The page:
GreenTRIP-Certified Project in Berkeley Provides Zero Residential Parking!

Updated: Sep 2, 2022

Change isn’t easy – especially when we’re talking about parking. Despite the high cost of residential parking spaces ($30,000–$60,000 per space to construct), developers can have a tough time gaining approval for projects that offer alternatives, even when they bring benefits for the surrounding community.

For good reason, developers must often clear significant hurdles to receive permission to construct large developments. Environmental impacts are reviewed. Community opinion is solicited. And cities take a close look to ensure that the plan is consistent with their rules for zoning and building. Hopefully, these steps lead to the best possible project for the community that is financially worthwhile for the developer.

On October 10th, the Garden Village project proposed for central Berkeley is heading into the final stretches of this process. If approved by the Zoning Adjustments Board (ZAB), Garden Village will become the first residential development in Berkeley to provide such a broad range of traffic reduction strategies. Due to this robust package of transportation demand management (TDM) measures, the project will be able to support zero parking for private cars.

Instead of parking spaces, residents will receive free AC Transit passes, car-sharing memberships, BikeLink cards, and other non-driving transportation benefits for the first 40 years the building is open. The project also provides 2.8 bike parking spaces per unit and 24 secured bike guest spaces with 8 more on-street guest spaces. What’s more, the project offers an added measure of neighborhood parking protection through an annual voluntary monitoring program to track actual transportation patterns.

These benefits are conservatively estimated to reduce driving by at least 69% per household compared to the Bay Area average – and with 77 homes planned, that’s a significant amount of miles not traveled. The cumulative financial transportation benefits of the project could add up to over $1.2 million over 40 years. That earned Garden Village a Conditional Certification from GreenTRIP, a TransForm program that assesses the traffic reduction potential of new developments and suggests strategies to help residents drive less.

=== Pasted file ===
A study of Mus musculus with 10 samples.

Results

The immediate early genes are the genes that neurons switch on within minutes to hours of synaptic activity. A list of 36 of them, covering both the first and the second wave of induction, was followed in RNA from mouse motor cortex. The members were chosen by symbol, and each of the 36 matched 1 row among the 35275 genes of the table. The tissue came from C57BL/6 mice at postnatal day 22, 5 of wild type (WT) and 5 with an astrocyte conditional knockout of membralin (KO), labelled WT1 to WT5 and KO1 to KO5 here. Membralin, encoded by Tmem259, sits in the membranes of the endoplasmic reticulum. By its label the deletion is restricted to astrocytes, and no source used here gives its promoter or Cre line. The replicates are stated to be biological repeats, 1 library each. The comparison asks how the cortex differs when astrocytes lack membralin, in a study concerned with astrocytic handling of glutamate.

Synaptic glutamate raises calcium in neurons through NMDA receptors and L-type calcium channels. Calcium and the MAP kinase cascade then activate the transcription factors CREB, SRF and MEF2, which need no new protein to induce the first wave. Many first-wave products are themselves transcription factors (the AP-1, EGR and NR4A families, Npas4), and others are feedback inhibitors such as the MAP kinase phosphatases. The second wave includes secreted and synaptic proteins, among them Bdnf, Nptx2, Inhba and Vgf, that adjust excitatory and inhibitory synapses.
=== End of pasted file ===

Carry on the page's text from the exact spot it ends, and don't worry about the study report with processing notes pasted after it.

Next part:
Garden Village has set a new bar by offering the most aggressive and comprehensive TDM program certified by GreenTRIP to date. The project is an inspiration for our soon-to-be-published GreenTRIP Platinum standards and will easily meet our new certification level. We believe that Garden Village holds the keys to “growth without gridlock” and will contribute to a growing body of evidence to support updated zoning codes that recognize the impact of innovative GreenTRIP strategies.

Not surprisingly, Garden Village hasn’t sailed through the approval process. Some nearby residents are concerned about the size of the project and lack of parking, even though the transportation benefits will dramatically reduce car ownership while improving the economic vitality and safety of the neighborhood. The Design Review Committee (DRC) held three hearings before signing off in July, and shrank the project by 4 units and over 20 bedrooms.

Chronically missing from these deliberations are the voices of future residents that would benefit from this high-quality yet affordable-by-design housing. In the absence of testimony reflecting the true diversity of Berkeley residents, it is a challenge for ZAB or DRC members to approve a project like this without reducing units or adding more parking, no matter the amount of parking studies and rational data-driven analysis.

Nonetheless, developer Nautilus Group is still pursuing permits for the project and believes that it can be financially viable despite the changes. The question is whether the people of Berkeley will reject the outdated development habit of “if you build parking, they will drive,” and instead support a truly cutting-edge project with great affordable transportation choices that actually supports the goals of the city’s Climate Action Plan and the adjacent Downtown Specific Plan.

A public hearing on Garden Village by the Berkeley Zoning Adjustments Board is scheduled for its October 10 meeting.